Wednesday, February 26, 2014

Energy use as a Variable Cost. Nice analysis that gives me a chance to GO TO THE GRAPHS! :)

Consumer good manufacturing is a highly competitive industry. There is constant pressure to reduce costs.  Most of the costs producers face are Variable Costs. Variable Costs are costs that vary with production--they tend to increase as more is produced and decrease as less is produced. Bottom line: Variable Costs, well, vary with production (ceterus paribus).


Here is an analysis that centers of energy use in the production process. They suggest that it is an overlooked cost, even though it represents a significant portion of unit costs of producing a good.  With careful analysis and remediation firms in manufacturing could save lots of cost by reducing the use of energy, hence lowering their Variable Costs.

Read the selection (or go read the whole analysis--it is worth the time). The highlights are mine.  Below it I inserted the graph of the firm that operates in a perfectly competitive market and illustrated how the firms cost curves are affected and in turn how production and profitability change.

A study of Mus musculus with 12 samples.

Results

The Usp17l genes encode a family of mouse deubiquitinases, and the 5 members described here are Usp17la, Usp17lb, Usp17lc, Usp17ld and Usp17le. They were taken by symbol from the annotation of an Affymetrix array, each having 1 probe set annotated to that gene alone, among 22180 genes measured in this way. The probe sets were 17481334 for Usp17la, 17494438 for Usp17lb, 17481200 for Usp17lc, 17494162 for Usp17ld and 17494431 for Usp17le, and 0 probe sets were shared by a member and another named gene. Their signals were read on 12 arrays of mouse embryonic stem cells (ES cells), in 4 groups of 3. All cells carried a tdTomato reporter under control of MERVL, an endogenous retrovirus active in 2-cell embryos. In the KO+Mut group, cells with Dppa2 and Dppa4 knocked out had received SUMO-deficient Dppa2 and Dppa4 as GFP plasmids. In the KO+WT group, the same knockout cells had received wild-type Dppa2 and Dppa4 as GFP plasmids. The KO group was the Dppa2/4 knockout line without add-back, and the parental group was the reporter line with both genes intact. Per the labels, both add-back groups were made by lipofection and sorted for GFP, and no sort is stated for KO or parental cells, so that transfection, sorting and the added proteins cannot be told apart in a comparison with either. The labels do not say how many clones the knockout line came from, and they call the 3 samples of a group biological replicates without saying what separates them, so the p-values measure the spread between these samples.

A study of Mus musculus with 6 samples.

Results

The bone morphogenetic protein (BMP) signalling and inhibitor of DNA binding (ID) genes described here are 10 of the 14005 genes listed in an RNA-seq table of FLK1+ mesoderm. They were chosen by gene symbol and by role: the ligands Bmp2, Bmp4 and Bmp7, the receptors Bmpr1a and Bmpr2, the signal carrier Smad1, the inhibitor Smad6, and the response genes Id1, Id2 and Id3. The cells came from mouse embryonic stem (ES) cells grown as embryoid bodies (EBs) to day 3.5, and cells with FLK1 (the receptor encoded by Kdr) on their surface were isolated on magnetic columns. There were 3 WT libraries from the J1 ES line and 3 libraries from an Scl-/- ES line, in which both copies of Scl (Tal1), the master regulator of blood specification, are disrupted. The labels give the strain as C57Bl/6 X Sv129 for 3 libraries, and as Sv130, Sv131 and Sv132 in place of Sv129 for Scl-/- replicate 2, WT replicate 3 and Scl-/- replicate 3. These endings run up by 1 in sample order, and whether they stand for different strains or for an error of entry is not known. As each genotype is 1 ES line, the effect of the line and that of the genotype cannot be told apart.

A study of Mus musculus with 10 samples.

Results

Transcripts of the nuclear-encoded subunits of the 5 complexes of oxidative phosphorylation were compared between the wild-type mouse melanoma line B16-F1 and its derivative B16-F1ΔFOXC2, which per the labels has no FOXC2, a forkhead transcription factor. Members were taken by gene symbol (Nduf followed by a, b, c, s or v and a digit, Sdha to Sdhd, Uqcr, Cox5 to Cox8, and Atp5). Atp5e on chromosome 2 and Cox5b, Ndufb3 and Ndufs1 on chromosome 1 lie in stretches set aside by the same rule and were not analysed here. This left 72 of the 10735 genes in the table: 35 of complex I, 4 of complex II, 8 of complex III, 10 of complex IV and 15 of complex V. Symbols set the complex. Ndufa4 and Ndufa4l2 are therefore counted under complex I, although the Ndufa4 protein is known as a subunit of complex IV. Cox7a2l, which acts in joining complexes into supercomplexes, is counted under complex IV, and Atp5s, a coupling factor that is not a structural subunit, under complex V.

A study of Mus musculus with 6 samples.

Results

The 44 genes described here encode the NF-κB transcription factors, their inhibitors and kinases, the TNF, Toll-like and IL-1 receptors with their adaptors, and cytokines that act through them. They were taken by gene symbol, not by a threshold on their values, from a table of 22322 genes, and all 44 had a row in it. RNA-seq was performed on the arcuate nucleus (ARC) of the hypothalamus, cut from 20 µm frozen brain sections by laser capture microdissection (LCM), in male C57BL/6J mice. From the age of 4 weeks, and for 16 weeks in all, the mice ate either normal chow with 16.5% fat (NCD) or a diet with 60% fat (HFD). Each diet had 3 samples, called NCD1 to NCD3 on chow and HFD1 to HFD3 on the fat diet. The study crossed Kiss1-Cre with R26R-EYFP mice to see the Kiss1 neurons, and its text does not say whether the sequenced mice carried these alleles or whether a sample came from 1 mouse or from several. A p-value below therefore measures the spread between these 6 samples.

A nice primer for an AP Microeconomics FRQ!

Bringing lean thinking to energy

Beset by rising costs, resource-intensive manufacturers are applying lean-management thinking in new ways to reduce the amount of energy used in production, to increase resource productivity—or both.

Over the years, many global manufacturers have secured big gains in labor and capital productivity by applying the principles of lean manufacturing. Fewer companies, however, have applied lean know-how to energy productivity. Line workers and even senior managers often consider energy a given when they consider it at all. The waste of energy and resources is typically overlooked or excluded from lean problem solving on the grounds that it is too complex for the front line to address, cuts across too many functions, or both. 
That’s a mistake, given the importance of energy and raw materials as cost drivers. Indeed, for one LCD-television manufacturer we studied, energy represented 45 percent of total production costs. Meanwhile, for many “upstream” manufacturers (such as steel and chemical makers) energy typically accounts for up to 15 percent or more of overall production costs—the largest share after raw materials, which often account for at least 50 percent of the cost base. Our experience suggests that many of these manufacturers could reduce the amount of energy they use in production by as much as 30 percent (with similarly reduced resource losses), in part by applying lean principles and by shifting mind-sets to focus the organization on eliminating anything that doesn’t add value for customers.